Medical Society of Delaware, state societies send letter to Congress
The Medical Society of Delaware joined other state medical societies in a June 18 letter urging Congress to fight for funding for community physician practices in the next stimulus package.
“On behalf of the tens of thousands of physicians collectively represented by our associations, and the millions of patients we treat, we are urging that Congress continue to fight for needed funding in the next ‘stimulus’ package to assist community physician practices to be able to keep their doors open for their patients,” read the letter. “Like many businesses, our physicians have faced a devastating impact on their practices as a result of the COVID-19 outbreak.”
“At stake is access to care for the patients we serve and the staff we employ,” continued the letter. “With patients having appropriately limited their trips out of the house including to their doctor’s offices along with all elective procedures being suspended for months, the impact has devastated practices and the hundreds of thousands of those physicians employed by community physician practice.”
“For example, a survey by the Medical Society of the State of New York found that 79% of physicians had seen a reduction of more than 50% in the volume of patients visiting their practices; nearly 3/4 had a greater than 50% drop in practice revenue; and 40% had to lay off or furlough at least 25% of their staff,” continued the letter. “While the survey also demonstrated that the CARES Act enacted by Congress in March and supplemented in April helped to marginally offset some of these enormous deficits, it has been nowhere near enough to ensure the survival of many physician practices across the state.”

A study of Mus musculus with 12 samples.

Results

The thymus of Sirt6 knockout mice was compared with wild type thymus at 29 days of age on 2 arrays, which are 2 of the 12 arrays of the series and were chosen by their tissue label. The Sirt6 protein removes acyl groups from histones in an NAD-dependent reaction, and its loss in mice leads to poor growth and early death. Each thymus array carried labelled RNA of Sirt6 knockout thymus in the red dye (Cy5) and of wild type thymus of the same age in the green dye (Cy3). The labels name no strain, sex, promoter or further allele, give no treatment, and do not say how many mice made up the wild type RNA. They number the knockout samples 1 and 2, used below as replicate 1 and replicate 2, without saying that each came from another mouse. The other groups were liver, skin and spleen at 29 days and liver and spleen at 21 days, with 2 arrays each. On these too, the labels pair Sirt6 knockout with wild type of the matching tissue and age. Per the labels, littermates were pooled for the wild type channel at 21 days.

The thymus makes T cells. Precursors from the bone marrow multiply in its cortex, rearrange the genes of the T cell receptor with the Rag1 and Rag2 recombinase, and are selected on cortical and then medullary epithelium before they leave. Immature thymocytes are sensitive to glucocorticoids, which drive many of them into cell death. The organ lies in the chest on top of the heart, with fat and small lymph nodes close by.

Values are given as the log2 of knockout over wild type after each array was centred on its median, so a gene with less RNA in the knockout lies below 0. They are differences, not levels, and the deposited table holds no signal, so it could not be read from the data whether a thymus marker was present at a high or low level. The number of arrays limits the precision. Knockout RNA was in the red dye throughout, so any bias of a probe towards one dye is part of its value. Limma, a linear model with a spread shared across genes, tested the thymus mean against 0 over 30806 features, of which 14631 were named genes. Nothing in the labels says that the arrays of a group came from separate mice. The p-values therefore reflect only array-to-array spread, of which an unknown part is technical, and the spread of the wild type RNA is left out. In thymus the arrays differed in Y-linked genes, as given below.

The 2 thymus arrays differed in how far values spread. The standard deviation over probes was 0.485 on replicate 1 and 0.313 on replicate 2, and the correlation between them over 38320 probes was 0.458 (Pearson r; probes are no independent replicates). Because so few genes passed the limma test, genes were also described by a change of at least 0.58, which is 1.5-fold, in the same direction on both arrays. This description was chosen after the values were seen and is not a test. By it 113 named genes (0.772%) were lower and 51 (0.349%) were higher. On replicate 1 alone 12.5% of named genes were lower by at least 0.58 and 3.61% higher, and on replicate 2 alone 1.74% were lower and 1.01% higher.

“We urge that you fight to ensure that the final package includes important protections, including a restart of the Medicare Advance Payment Program and ensuring that grant funding is dedicated to community physician practices without size restrictions or employee thresholds,” continued the letter. “So far, community physicians have only received a microscopic portion of the billions in grant funding allocated by Congress in the CARES Act, which has mostly benefited large health systems. While our hospitals must be protected and strengthened, so too must our community physicians for whom our patients depend.”
“We also urge that the next stimulus bill include provisions to ensure that critically important expanded telehealth coverage rules are maintained — including required coverage by ERISA plans not subject to state regulation but also rejecting industry efforts to fulfill network adequacy requirements only through telehealth at the expense of in-person care,” continued the letter.
“We also urge that the market dominant health insurers who faced a significant drop in claim submissions ensure that their windfall profits are shared with their contracted physicians including through support for the huge increase in Personal Protective equipment costs,” continued the letter. “For example, Aetna recently announced that its claims submission had dropped by 30% during April at the height of the pandemic.”
“Moreover, it is critically important that any proposal to address surprise out of network medical bills are consistent with demonstrated successful laws such as New York’s groundbreaking solution, rather than one-sided solutions advanced by the market-dominant health insurance industry that could potentially adversely impact patient access to essential on-call specialty care in emergency departments across the state,” continued the letter. “Now is not the time to disrupt our health care safety net.”
“Critically important as well is providing support for those physicians, residents and students who provided on the front lines who provided needed care to patients while putting their life and health at risk, including hazard pay and/or student loan relief,” continued the letter. “Rep. [Carolyn] Maloney has advanced important legislation — HR 6720 — that would achieve this goal.”
“To repeat — we are extremely concerned about the stability of our health care system given these enormous losses,” continued the letter. “The next package coming out of Congress must help to preserve our states’ health care infrastructure, including community physician practices. This is not only essential for the hundreds of thousands of jobs we provide but most importantly to ensure we can continue to be able to treat our patients who continue to depend upon as begin to recover from this crisis.”
The letter was co-signed by the Connecticut State Medical Society, Med Chi, The Maryland State Medical Society, Medical Society of New Jersey, Medical Society of The State of New York and the Ohio State Medical Association.